Kenya signals return to the top in the Caribbean
Kenya, World Cup semi-finalists in 2003, believe they are ready to return to the world stage after their success in the World Cricket League tournament they hosted in January and February.
Cricket standards in the country had fallen to the lowest level following three years of internal strife, forcing players to strike against the former cricket administration over dubious contracts and bonuses. The fallout resulted in Kenya being stripped of its official one-day status that granted the country automatic qualification to the World Cup.
However, recent victory in the World Cricket League tournament featuring second-tier teams could provide the springboard to bounce back. Kenya's coach Roger Harper, a member of the all-conquering West Indies team in the 70s and 80s, summarised his team's achievements in claiming the associate members title.
"Kenya is supposed to be the top associate country as far as cricket is concerned. But it doesn't mean anything unless you show it on the field and we have demonstrated that," said Harper after his team's convincing eight-wicket win over fellow World Cup qualifiers Scotland. "I think it means a lot for the team, for Kenya as a whole."
This is a relatively younger team compared to the one that reached the World Cup semi-finals in 2003 with only two of the players being over 30 years of age. The Kenyan team will be without three great performers who formed the backbone of the side since the country qualified for their first World Cup in India, Pakistan and Sri Lanka in 1996.
They include former captain Maurice Odumbe, who was suspended from all cricket activities for five years in 2004, for his dalliance with Indian bookmakers and opener Kennedy Otieno. Medium fast bowler Martin Suji is also not in the team after failing to recover from a knee operation. Their places have been taken by a group of promising young players.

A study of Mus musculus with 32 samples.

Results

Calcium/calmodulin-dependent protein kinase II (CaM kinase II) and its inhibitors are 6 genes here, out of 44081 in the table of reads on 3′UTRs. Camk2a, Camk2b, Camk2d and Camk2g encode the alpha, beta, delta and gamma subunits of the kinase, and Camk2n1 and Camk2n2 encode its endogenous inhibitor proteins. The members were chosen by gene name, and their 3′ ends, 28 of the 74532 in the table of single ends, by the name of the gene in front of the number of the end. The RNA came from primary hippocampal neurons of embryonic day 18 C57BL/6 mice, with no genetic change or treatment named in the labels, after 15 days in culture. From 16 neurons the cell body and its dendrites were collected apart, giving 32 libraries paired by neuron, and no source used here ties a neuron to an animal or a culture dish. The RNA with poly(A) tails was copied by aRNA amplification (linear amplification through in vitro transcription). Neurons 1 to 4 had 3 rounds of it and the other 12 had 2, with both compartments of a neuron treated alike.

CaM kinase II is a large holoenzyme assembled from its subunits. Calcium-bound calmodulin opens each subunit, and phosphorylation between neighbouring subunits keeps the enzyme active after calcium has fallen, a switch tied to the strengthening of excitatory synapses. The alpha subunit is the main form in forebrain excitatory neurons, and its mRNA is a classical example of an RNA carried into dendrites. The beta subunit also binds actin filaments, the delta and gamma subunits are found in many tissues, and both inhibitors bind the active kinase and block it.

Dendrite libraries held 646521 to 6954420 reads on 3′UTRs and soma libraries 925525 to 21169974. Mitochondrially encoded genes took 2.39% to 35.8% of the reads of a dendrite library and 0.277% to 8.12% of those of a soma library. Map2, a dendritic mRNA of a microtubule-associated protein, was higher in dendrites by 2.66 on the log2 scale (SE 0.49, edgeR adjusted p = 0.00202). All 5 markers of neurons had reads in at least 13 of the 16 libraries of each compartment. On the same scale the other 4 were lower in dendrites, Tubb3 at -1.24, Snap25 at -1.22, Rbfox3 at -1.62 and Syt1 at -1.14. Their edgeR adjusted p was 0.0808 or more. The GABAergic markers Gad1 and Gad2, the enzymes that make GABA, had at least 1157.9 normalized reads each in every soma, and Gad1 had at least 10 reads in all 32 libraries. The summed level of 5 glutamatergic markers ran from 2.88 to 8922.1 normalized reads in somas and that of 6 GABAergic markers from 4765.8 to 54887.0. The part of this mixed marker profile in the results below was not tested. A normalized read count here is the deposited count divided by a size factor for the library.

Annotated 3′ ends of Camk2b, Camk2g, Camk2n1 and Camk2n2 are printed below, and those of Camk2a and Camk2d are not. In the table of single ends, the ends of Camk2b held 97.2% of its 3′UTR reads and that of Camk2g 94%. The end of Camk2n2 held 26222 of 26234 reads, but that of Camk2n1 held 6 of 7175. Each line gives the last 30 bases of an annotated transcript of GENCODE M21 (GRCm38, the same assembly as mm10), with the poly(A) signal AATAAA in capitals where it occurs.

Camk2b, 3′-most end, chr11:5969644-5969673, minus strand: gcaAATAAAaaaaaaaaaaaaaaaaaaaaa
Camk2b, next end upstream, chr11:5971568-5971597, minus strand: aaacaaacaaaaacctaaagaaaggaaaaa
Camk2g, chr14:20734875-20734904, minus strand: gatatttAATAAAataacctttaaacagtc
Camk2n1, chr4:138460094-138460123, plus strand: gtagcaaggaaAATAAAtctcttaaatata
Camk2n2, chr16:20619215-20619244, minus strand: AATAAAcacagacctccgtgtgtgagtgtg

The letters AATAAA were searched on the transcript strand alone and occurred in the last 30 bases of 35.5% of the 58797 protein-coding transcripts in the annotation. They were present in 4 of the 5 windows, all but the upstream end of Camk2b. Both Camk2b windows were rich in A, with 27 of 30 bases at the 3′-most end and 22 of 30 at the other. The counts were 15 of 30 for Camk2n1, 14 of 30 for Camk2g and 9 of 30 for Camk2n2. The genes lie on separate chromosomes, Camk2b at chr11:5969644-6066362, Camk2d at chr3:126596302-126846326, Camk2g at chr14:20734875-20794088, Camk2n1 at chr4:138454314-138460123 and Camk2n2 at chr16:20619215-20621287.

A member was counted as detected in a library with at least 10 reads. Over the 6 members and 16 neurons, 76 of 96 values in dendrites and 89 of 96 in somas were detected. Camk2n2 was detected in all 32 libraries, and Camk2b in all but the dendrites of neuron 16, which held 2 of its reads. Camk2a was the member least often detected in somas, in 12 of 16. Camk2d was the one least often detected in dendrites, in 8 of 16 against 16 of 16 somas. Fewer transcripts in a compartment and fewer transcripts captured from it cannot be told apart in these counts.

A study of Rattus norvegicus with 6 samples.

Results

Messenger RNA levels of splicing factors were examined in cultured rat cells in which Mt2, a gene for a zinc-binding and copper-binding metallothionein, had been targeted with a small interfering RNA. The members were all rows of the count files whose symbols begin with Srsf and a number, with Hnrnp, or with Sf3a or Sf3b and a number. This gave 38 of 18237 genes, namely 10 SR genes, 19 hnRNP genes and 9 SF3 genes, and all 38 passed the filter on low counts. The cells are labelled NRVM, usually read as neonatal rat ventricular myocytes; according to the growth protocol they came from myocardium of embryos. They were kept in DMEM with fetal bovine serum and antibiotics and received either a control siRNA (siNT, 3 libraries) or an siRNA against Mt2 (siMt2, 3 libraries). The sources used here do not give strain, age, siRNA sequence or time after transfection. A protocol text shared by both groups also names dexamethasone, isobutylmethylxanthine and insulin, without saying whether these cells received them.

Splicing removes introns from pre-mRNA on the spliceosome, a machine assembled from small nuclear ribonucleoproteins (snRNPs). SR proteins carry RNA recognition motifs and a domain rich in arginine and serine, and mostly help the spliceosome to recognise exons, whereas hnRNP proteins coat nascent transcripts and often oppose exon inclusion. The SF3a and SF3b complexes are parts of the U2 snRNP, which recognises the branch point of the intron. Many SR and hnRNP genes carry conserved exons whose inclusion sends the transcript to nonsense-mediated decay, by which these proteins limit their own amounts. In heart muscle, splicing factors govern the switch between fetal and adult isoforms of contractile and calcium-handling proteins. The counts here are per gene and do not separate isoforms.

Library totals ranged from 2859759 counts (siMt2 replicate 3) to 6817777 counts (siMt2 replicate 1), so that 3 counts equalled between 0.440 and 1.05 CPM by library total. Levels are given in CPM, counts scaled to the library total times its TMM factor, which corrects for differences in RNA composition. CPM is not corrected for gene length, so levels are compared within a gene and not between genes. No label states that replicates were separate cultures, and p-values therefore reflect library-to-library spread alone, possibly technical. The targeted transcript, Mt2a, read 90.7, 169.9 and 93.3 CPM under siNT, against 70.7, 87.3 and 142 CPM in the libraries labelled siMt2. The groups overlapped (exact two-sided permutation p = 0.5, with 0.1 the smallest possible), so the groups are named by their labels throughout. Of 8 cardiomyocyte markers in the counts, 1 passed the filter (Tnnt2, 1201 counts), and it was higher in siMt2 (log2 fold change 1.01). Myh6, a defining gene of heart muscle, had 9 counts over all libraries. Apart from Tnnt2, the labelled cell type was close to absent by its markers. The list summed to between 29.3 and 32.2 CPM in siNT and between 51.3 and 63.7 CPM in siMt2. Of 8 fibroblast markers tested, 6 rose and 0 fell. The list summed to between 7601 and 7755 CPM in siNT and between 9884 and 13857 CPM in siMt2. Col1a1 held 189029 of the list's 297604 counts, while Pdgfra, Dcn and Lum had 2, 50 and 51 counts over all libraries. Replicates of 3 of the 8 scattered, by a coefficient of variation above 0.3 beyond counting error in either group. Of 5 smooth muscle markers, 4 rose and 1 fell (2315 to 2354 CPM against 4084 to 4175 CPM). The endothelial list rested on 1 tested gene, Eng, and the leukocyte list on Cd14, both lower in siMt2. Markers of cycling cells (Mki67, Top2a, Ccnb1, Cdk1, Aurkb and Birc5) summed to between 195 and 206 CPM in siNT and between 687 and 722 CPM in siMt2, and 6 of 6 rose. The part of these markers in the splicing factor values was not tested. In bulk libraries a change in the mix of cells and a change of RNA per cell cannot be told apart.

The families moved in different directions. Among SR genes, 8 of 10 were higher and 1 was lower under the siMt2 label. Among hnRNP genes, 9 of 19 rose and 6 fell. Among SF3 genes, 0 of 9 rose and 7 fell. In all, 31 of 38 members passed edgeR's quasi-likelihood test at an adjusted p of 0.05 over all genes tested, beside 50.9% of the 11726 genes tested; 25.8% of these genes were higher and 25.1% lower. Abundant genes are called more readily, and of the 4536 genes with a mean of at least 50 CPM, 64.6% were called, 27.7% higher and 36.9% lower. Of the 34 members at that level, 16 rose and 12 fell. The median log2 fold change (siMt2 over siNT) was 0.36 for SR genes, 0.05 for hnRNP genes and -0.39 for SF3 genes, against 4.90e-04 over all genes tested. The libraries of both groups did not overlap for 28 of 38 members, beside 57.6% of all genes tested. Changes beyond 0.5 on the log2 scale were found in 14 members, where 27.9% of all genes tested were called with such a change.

Twenty-year-old Tanmay Mishra is not only proving to be a resourceful batsman but also one of the team's best fielders. Having made his cricket debut as a member of the national under-15 team in 2001, the India-born Mishra has been heavily involved in the recent revival of the Kenyan cricket, culminating in the World Cricket League win.
His one-handed catch of Bangladeshi middle-order batsman Ferhad Reza during the one-day international series in Nairobi and a similar dismissal of the Scottish opener David Watts during the World Cricket League final, illustrated his fielding prowess.
Two other youngsters, 22-year-old Hiren Varaiya, a slow left-arm bowler, and seamer Nehemiah Odhaimbo have proved themselves capable to taking wickets. Odhiambo, a younger brother to medium pacer Lameck Onyando, broke through into the bowling ranks when he took five Canadian wickets in the two nations ICC Intercontinental Cup clash in Toronto last August.
Tikolo, once known as the best batsman outside Test cricket has seen his batting form take a dip. But luckily for him his off-spin might come in very handy in the West Indies where the conditions are expected to favour spinners.
The Kenyans got a test of those conditions when they toured the West Indies in February 2004 to play in the Carib Beer series where they played local club sides and several national teams in the Caribbean. But Harper said Kenya will have to play extra harder to improve on their performance in the 2003 World Cup. "Lack of international fixtures also affected the national team players who were not able to gain the exposure," he added.
Participation in the World Cup has an added incentive for Kenya and the other five associate members as they will earn a special grant of 500,000 dollars.